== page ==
Frances O’Grady, TUC general secretary, says ‘the ice is beginning to crack’ on public sector pay restrictions © Gareth Fuller/PA

Britain’s trade unions have said the country should stay in the EU’s single market for the long-term after Brexit unless any better options materialise.

Frances O’Grady, the general secretary of the Trades Union Congress, said the government was hurtling towards a “kamikaze Brexit” and should keep open the option of remaining in the single market.

“My challenge to all political parties is this: When it comes to Brexit, don’t box yourselves in. Don’t rule anything out. Keep all options on the table. And put jobs, rights and livelihoods first,” she will say in a speech on Monday to the TUC’s annual congress in Brighton.

“We have set out our tests for the Brexit deal working people need. Staying in the single market and customs union would deliver it.”

Steve Turner, assistant general secretary of Unite, the UK’s biggest union and the Labour party’s main donor, said in a speech on Sunday: “Right now…we’d need to be convinced of a better option than continuing our membership of the single market outside the European Union.”

For several weeks the Labour party has been sending out mixed messages on Britain’s long-term relationship with the EU. Its current position is that Britain should seek to participate in the single market and customs union during a lengthy transition period after March 2019.

But Jonathan Ashworth, shadow health secretary, insisted on Sunday that the party would not seek permanent membership of the single market.

But a phalanx of scores of Labour MPs, led by former frontbencher Chuka Umunna, want Britain to remain in the single market. Tom Watson, deputy leader, said it was important to remain in the market during the transition, adding: “It might be a permanent outcome of the negotiations.”

Likewise Keir Starmer, shadow Brexit secretary, has said that a permanent customs union with the EU was a possibility — although he stopped short of saying Britain could remain in the single market. Mr Corbyn’s spokesperson declined to comment.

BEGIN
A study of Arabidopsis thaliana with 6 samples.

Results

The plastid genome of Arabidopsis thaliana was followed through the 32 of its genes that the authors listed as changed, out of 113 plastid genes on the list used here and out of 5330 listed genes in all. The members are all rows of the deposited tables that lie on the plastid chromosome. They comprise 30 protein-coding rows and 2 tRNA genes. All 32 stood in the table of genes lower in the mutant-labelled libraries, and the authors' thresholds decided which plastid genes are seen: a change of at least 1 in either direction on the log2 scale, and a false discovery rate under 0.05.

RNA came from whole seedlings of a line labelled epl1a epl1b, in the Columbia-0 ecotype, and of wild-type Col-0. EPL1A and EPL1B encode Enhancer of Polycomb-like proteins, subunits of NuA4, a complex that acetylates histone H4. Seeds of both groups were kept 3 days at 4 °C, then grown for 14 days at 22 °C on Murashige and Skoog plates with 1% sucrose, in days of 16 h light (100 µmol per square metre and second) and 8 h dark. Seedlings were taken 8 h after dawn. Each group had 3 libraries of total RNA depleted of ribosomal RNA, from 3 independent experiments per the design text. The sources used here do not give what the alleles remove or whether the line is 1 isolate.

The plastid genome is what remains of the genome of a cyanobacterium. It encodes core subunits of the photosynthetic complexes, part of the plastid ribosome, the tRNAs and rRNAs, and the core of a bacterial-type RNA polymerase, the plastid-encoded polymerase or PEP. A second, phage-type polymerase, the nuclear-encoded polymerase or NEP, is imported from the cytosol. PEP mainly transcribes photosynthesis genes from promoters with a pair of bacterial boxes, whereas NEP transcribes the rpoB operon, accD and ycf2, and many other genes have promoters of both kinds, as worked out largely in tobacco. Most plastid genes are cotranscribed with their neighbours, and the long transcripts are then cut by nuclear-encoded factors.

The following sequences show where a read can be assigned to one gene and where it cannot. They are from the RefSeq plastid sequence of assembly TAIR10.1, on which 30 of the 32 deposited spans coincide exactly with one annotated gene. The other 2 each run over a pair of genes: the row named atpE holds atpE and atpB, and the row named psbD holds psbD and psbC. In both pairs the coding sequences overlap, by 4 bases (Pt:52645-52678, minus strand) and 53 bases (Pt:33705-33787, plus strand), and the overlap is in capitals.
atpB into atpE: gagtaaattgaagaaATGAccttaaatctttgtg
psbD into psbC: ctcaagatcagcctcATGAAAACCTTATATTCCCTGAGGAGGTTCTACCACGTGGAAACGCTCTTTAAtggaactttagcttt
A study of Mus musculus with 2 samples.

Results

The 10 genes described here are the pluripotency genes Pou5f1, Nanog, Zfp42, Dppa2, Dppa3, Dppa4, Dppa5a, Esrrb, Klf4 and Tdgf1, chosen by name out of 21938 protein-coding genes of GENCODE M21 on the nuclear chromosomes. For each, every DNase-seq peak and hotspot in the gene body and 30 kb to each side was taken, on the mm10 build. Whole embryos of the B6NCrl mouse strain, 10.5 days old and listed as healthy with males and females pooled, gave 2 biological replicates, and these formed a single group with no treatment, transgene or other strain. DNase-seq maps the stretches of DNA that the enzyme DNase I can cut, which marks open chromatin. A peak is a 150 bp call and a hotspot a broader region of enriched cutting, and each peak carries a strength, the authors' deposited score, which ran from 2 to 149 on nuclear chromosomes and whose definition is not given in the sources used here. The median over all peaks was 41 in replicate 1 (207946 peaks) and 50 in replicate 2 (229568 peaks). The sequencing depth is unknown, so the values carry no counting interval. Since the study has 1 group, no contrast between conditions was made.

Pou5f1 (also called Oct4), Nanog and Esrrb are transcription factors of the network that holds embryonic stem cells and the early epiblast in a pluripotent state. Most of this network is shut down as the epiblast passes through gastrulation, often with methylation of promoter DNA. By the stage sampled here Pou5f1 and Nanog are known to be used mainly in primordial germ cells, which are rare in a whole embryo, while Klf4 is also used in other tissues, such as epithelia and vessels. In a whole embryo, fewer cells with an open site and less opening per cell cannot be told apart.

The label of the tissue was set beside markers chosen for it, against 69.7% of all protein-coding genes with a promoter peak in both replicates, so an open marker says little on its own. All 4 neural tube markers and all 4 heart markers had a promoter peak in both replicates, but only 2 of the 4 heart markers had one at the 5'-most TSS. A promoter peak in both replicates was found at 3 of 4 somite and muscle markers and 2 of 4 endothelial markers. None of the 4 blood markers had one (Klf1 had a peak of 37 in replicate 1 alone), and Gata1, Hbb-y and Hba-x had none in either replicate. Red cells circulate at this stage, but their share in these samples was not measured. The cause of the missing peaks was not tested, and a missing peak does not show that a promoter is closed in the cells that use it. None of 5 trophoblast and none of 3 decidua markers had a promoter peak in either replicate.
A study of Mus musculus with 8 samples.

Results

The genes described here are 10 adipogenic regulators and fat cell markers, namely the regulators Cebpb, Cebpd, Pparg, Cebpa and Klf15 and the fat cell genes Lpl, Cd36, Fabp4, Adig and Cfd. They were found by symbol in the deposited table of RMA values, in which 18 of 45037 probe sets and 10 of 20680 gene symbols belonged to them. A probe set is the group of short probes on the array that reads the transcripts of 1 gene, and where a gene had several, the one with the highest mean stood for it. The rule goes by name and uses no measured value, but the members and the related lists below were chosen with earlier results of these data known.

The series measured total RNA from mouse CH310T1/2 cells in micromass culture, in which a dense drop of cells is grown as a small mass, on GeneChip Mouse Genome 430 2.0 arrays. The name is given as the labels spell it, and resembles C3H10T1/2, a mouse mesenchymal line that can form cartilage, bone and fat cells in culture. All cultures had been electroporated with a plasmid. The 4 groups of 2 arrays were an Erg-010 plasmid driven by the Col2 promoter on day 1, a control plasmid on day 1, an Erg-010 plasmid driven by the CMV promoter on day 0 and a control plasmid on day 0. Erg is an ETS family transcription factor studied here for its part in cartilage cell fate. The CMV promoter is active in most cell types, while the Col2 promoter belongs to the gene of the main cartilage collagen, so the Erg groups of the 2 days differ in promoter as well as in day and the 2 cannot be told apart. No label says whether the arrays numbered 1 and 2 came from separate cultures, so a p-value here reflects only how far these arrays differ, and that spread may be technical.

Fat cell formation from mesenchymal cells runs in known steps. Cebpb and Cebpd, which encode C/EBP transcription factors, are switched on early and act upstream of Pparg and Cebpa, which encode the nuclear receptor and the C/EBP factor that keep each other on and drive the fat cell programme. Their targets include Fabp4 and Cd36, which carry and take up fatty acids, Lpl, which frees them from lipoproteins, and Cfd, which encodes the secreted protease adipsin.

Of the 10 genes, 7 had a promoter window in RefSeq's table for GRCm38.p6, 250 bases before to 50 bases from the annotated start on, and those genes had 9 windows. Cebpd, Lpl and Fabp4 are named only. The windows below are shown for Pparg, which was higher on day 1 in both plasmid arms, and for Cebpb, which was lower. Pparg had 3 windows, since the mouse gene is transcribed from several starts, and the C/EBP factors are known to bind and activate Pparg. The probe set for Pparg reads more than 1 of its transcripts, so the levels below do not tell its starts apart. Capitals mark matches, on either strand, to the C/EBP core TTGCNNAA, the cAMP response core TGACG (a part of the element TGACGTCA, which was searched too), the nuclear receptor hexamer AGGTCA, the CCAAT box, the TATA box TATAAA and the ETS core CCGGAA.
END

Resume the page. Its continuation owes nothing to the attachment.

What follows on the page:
The general council of the TUC — which comprises the vast majority of the country’s major trade unions — gathered together last week to thrash out the movement’s new Brexit stance.

The result is a “general council statement” that states any long-term deal should meet certain tests, such as the protection of workers’ rights and continued “tariff-free, barrier-free, frictionless trade with the rest of Europe to protect jobs.”

“We are willing to consider any proposals that would meet those tests, including negotiating a new single market relationship, or working up from a bespoke trade deal,” the statement says. “At present we should not rule out unrestricted access to the single market through continued membership outside the EU as this meets our tests.”

The statement suggests voters’ concerns about migration could be addressed without putting an end to freedom of movement.

“There are many different ways countries in the EU have interpreted free movement. The approach taken in the UK has allowed bad employers to profit whilst letting public services decline. The UK should look at other EU countries’ models of free movement,” it says.

The careful wording of the text reflects the fact there is a wide range of opinions about Brexit within the trade union movement. While the TUC campaigned for the UK to remain in the EU, some unions such as RMT were in favour of Brexit.

One TUC official said trade unions were not “wedded” to the single market but could not yet see any other decent options that would protect workers. ““It’s not necessarily that we think the single market is brilliant,” she said. “[But] at the moment, the option that best meets the tests that we have set is staying in the single market.”

The general council statement was approved by the vast majority of delegates on Sunday night but there were pockets of opposition.

Some pointed out that continued membership of the single market was exactly what corporate Britain wanted. “We should be fighting for socialism, not for collaboration with the bosses,” said Edward Dempsey, speaking on behalf of the RMT.

Several other unions supported the statement overall but said they had some reservations, particularly about freedom of movement.

“The issue of free movement is a touchstone issue now,” said Dave Ward from the CWU union. “ We think it cannot be ignored that free movement without protection for workers can lead to exploitation and undercutting of pay.”